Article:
PBI-Honduras accompanies CEHPRODEC at annual march against extractivism

Published by Brent Patterson on

On August 30, the Peace Brigades International-Honduras Project posted on social media, “Yesterday we accompanied CEHPRODEC to an annual march in which hundreds of people from the communities protested against the extractivism that, they say, threaten the territories and natural resources.”

PBI-Honduras has explained that CEHPRODEC (the Honduran Centre for the Promotion of Community Development) is focused on “the defence of human rights, in particular on economic, social, cultural and environmental rights.”

CEHPRODEC has previously raised concerns about the toxic legacy in the Siria Valley from the Vancouver-based Goldcorp San Martin mine that was closed in 2010. The water there is now polluted with heavy metals, including arsenic, lead, and mercury.

In March of this year, PBI-Honduras accompanied alongside CEHPRODEC and C-Libre (the Committee for Freedom of Expression) the trial of 13 water defenders from Guapinol opposed to a mine on their territory.

In May, PBI-Honduras accompanied CEHPRODEC to San Estebán, a municipality 285 kilometres north-east of Tegucigalpa, for an “assembly on the care of the environment, natural resources and mining” that discussed the impacts of mining on human rights.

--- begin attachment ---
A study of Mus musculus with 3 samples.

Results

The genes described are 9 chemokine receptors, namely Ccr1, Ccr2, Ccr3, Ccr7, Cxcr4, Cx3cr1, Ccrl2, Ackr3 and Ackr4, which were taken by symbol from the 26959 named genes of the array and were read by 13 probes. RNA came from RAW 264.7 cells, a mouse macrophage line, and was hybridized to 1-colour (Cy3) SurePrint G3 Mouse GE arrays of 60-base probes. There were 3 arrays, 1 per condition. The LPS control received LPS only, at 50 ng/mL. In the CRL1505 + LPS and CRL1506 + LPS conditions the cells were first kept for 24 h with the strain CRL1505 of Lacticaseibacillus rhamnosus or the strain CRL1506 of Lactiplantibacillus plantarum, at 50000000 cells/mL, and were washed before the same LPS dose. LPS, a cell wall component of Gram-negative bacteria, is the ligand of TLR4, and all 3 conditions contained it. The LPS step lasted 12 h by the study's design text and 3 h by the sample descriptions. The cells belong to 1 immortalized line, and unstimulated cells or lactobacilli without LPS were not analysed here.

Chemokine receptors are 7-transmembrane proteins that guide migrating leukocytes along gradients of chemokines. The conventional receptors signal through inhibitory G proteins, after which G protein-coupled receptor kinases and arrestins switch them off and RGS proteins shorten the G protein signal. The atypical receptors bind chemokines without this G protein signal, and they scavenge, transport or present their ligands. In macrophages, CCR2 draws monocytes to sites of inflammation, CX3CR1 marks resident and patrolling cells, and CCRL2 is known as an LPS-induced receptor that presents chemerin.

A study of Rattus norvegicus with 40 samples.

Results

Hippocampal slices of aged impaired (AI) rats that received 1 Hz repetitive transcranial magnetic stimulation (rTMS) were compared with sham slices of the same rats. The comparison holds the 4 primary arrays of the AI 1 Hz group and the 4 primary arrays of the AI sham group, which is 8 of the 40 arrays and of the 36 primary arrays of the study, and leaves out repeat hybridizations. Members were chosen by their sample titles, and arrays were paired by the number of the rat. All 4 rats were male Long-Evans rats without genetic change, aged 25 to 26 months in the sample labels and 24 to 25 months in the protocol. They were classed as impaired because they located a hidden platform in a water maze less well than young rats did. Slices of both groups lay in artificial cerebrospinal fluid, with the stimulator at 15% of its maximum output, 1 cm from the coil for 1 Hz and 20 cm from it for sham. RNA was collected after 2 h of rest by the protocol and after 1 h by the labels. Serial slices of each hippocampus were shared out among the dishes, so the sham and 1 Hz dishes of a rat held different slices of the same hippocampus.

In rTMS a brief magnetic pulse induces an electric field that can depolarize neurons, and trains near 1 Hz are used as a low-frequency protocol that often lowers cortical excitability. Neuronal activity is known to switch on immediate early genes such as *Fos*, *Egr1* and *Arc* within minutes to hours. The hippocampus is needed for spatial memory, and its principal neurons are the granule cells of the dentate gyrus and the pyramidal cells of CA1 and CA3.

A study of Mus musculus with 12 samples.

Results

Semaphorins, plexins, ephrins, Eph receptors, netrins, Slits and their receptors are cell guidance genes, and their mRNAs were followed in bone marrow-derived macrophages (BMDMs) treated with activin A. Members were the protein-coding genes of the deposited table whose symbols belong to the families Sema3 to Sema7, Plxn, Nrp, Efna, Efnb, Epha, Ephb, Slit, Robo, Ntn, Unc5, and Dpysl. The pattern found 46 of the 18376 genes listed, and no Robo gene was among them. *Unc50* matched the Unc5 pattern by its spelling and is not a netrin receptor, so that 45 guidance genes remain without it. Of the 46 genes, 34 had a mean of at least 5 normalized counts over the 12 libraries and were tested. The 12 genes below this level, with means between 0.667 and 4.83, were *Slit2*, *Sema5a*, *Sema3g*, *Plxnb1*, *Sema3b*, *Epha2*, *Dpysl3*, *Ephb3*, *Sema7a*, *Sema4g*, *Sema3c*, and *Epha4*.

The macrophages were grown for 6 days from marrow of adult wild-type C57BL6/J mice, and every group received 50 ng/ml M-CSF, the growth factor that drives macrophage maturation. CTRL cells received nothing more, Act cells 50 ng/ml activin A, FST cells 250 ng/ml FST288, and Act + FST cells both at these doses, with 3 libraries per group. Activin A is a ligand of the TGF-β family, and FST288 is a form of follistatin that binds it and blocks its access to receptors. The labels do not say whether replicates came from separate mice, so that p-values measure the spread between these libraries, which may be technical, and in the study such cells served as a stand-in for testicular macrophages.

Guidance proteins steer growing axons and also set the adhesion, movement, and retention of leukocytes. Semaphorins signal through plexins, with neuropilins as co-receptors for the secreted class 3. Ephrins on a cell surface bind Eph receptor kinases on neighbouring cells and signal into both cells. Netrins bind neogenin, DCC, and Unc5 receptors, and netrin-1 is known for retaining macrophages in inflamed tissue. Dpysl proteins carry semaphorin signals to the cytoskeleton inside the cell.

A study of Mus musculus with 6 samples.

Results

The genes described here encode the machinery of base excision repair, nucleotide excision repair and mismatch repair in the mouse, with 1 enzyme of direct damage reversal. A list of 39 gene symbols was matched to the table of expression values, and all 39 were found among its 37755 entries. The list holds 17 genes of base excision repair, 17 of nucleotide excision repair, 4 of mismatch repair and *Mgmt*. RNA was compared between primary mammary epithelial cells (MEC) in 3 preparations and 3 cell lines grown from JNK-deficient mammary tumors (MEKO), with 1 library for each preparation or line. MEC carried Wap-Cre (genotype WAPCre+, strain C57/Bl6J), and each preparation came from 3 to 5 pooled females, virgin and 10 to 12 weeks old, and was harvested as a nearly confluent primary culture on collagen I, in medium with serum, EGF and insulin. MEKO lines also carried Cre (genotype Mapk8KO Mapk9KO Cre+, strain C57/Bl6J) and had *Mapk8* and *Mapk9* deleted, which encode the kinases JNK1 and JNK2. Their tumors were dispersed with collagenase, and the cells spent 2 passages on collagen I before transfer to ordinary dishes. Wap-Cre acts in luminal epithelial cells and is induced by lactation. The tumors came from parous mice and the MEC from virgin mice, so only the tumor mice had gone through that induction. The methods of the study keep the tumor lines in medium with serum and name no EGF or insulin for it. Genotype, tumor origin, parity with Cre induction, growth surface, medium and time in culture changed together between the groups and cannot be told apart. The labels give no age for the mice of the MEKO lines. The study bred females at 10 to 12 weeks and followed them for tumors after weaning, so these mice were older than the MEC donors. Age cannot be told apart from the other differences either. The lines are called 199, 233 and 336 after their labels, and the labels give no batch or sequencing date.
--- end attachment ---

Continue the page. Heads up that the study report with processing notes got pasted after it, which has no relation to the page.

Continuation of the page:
And in early August, PBI-Honduras observed with CEHPRODEC a census in the community of Namasigüe in the department of Choluteca. PBI has noted, “With an accurate census, there is greater hope of being able to hold an open consultation on possible future mining and solar energy concessions in the area.” Montreal-based Glen Eagle Resources Inc. may be pursuing two mining projects in the area.

PBI-Honduras has accompanied CEHPRODEC since May 2014.

Donald Hernandez from CEHPRODEC has stated, “CEHPRODEC was the first institution in Honduras to receive accompaniment from Peace Brigades. We are very thankful and content because this accompaniment has permitted us to carry out our work in a better way.”